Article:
NYT today provided a master opt list to get your name away from all those pesky solicitors. Here are the highlights:
PHONE SOLICITATIONS To stop them, go to donotcall.gov. Or call toll free, (888)382-1222, from the number you are going to restrict. (home and cell phones; you need to register every five years).
JUNK MAIL Host by the DMA (Direct Marketing Association). Not a guarantee but maybe a help. Online form – www.the-dma.org/consumers/offmailinglist.html or mailing address – Mail Preference Service at P.O. Box 643, Carmel, N.Y. 10512. There is an online form at If you want to get more mail, there is also a place to sign up to get on the lists.
E-MAIL. No real good solution. You can try to make it harder for spammers to get your address in the first place by never posting your address in public forums. Spammers employ software to scrape the sites of anything with that @ symbol. Instead spell it out in a unique way like “the nameofthiscolumn at nytimes.com.”
CREDIT CARD OFFERS. Call (888) 567-8688, but be ready to give out some personal information like your Social Security number. Als0 www.optoutprescreen.com. You can do it for a period of five years or permanently.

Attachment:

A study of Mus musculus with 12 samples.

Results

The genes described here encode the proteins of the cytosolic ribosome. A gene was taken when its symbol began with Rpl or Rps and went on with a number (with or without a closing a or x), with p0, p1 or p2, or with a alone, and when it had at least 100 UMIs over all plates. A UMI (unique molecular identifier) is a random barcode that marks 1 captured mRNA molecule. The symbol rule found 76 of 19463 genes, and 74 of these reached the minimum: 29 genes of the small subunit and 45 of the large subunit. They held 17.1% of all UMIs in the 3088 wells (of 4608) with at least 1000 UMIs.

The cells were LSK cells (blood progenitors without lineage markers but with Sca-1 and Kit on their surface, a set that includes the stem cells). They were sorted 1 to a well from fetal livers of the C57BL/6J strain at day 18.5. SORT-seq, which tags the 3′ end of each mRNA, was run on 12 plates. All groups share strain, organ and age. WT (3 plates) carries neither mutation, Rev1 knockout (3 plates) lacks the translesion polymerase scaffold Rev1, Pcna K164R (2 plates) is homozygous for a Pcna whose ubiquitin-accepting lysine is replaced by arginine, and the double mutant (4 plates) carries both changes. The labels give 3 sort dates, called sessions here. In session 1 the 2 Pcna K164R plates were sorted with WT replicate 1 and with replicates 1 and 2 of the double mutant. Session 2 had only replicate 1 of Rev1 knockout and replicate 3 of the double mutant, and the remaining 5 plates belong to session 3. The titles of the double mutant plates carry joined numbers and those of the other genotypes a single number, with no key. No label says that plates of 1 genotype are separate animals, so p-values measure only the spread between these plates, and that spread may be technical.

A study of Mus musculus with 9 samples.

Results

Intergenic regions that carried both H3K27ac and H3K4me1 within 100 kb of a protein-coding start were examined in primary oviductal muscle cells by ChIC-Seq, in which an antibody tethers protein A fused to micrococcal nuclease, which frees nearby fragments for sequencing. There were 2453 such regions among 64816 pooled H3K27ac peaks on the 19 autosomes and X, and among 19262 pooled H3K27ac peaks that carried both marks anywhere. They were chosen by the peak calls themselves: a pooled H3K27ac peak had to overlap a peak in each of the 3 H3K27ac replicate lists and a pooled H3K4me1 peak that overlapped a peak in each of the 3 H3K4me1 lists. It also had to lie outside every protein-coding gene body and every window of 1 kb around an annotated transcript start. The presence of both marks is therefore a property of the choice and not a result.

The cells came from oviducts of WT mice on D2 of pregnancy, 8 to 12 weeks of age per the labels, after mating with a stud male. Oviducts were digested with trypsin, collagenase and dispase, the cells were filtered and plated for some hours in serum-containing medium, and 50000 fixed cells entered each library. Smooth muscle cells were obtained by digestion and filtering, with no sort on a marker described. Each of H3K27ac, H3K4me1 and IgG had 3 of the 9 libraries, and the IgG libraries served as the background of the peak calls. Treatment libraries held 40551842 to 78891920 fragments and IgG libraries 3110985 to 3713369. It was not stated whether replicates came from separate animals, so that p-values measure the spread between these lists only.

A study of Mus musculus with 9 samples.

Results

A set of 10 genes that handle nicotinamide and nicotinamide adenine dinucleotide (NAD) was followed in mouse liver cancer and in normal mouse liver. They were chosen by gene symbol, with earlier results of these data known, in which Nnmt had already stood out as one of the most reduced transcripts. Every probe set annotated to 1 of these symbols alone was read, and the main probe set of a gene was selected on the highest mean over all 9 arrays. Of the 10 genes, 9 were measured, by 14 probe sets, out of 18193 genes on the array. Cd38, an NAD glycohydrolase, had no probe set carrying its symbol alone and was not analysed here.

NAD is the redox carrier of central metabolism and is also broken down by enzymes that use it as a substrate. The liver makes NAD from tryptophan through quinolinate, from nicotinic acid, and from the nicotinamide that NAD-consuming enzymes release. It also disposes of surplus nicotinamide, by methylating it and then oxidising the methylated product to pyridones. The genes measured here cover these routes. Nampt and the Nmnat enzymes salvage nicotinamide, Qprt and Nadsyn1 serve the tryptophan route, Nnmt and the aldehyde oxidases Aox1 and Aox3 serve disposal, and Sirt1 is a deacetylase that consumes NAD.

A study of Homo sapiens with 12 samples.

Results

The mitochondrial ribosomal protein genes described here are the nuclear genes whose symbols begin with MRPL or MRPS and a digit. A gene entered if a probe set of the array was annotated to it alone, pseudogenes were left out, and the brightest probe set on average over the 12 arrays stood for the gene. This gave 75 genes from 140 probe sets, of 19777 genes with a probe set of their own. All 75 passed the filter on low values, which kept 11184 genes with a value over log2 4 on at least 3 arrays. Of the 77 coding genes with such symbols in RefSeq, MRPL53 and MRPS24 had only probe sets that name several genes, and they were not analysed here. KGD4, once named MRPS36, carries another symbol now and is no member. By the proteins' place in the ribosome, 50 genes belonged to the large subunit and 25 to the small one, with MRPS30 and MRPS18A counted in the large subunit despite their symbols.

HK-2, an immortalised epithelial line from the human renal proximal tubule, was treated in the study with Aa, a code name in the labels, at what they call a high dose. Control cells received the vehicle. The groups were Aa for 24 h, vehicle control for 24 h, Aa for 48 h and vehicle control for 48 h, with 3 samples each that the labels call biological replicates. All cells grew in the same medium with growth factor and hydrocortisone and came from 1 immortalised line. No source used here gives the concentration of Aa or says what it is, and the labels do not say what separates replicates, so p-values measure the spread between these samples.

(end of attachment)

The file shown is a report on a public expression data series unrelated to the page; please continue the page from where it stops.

OTHER OPT-OUTS Your personal information is accessible in less obvious ways. For instance, your computer tracks where you have visited online. DoubleClick, a company that collects data for online advertisers, offers a way to prevent your computer from giving it information at http://www.doubleclick.com/us/about-doubleclick/privacy/dart-adserving.asp.
But again, it is only a piecemeal solution. Other online advertising companies will still put “cookies” on your computer to collect the same data. So the next-best solution is to frequently run software that cleans out cookies. You can get Spyware Blaster, Spybot, or Ad-Aware at www.download.com free.
Your personal information, including parts of your Social security number, are available in publicly available data bases that you may never see. The most common ones offer a way to opt out of a listing. Nexis, one of the biggest, says you can opt out of its people-finding lists by going to www.lexisnexis.com/terms/privacy/data/remove.asp. Nexis does not make it easy because it requires that you prove you are a victim of identity theft before it will consider your application.
The Center for Democracy and Technology provides addresses and forms for other companies, like ChoicePoint, that do not let you opt out online (http://opt-out.cdt.org).